In its 20th-century heyday, the Daily News was one of America’s best-selling newspapers. Its brawny, metro tabloid sensibility emphasized crime and corruption and served as the model for The Daily Planet, the tabloid that counted Clark Kent and Lois Lane among its staffers in the first two Superman movies. The newspaper also produced Pulitzer Prize-winning commentaries and international reporting. It strove to be the New York City paper of record and established WPIX (channel 11 in the city), which has since become the television station known as “New York’s Picture Newspaper”—its call letters were inspired by the Daily News nickname of “New York’s Pictures Everywhere.”
But the newspaper’s fortunes began to decline as people moved away from big cities, newspapers moved online and readers turned to social media for their local news and entertainment fix. The newspaper’s owners, Tribune Publishing, slashed the budget and fired top editors. The Daily News returned to profitability, but its circulation continued to drop, and in 2017 the newspaper was sold for $1 to a Chicago-based media company, Tronc.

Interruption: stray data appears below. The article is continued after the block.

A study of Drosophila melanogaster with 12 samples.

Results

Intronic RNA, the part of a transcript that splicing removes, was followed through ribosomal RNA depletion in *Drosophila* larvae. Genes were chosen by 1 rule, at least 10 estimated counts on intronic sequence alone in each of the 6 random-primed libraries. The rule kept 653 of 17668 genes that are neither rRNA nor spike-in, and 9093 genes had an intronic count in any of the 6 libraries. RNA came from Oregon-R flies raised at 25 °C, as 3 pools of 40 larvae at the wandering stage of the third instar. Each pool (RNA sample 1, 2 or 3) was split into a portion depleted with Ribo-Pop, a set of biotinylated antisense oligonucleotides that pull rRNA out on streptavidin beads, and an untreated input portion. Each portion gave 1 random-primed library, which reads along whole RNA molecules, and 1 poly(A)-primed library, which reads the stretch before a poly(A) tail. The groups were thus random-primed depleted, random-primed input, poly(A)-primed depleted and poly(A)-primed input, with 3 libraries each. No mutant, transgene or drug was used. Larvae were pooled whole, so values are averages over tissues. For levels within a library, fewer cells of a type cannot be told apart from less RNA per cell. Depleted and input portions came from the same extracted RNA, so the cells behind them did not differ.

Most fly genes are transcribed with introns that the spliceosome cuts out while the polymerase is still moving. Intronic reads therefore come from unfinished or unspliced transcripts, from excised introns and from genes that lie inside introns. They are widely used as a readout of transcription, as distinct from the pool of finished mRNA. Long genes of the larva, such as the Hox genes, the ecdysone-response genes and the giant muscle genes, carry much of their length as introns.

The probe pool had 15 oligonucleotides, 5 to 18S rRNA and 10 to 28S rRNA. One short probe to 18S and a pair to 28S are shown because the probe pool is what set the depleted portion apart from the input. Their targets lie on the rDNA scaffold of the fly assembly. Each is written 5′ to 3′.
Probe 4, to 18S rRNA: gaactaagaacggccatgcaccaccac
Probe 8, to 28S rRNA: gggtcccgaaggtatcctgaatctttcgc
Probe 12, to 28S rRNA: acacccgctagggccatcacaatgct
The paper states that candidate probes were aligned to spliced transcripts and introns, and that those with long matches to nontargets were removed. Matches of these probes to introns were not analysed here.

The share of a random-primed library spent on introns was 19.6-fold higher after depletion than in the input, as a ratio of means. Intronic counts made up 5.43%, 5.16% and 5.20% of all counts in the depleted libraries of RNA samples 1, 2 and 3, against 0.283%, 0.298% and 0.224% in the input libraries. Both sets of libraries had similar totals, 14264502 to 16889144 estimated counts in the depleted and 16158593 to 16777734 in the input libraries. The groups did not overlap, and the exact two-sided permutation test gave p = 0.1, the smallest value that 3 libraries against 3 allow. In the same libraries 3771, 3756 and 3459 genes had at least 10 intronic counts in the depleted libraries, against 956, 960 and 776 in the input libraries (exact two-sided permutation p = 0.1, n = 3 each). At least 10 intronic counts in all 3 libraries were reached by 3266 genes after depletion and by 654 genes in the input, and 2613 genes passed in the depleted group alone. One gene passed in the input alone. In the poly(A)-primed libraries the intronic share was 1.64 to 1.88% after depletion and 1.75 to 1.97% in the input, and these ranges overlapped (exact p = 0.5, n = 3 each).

The Daily News building, at 220 East 42nd Street near Second Avenue, was designed by John Mead Howells and Raymond Hood. It became known as the News Building and straddled the railroad tracks going into Pennsylvania Station. The building was used as the backdrop for many scenes in the first two Superman films. The current newspaper headquarters, at 450 West 33rd Street, which is also known as Manhattan West, is adjacent to the former News Building and houses WPIX-TV.
Andrew Conte takes a searching look at what happens when a local newspaper dies and reveals the societal consequences that follow. His book, Death of a Local Newspaper, would be depressing reading in anyone’s hands but, with his perceptiveness and empathy, Conte narrates this troubling story so that the reader comes away with hope that newspapers can once again provide the vital information citizens need to live in their communities.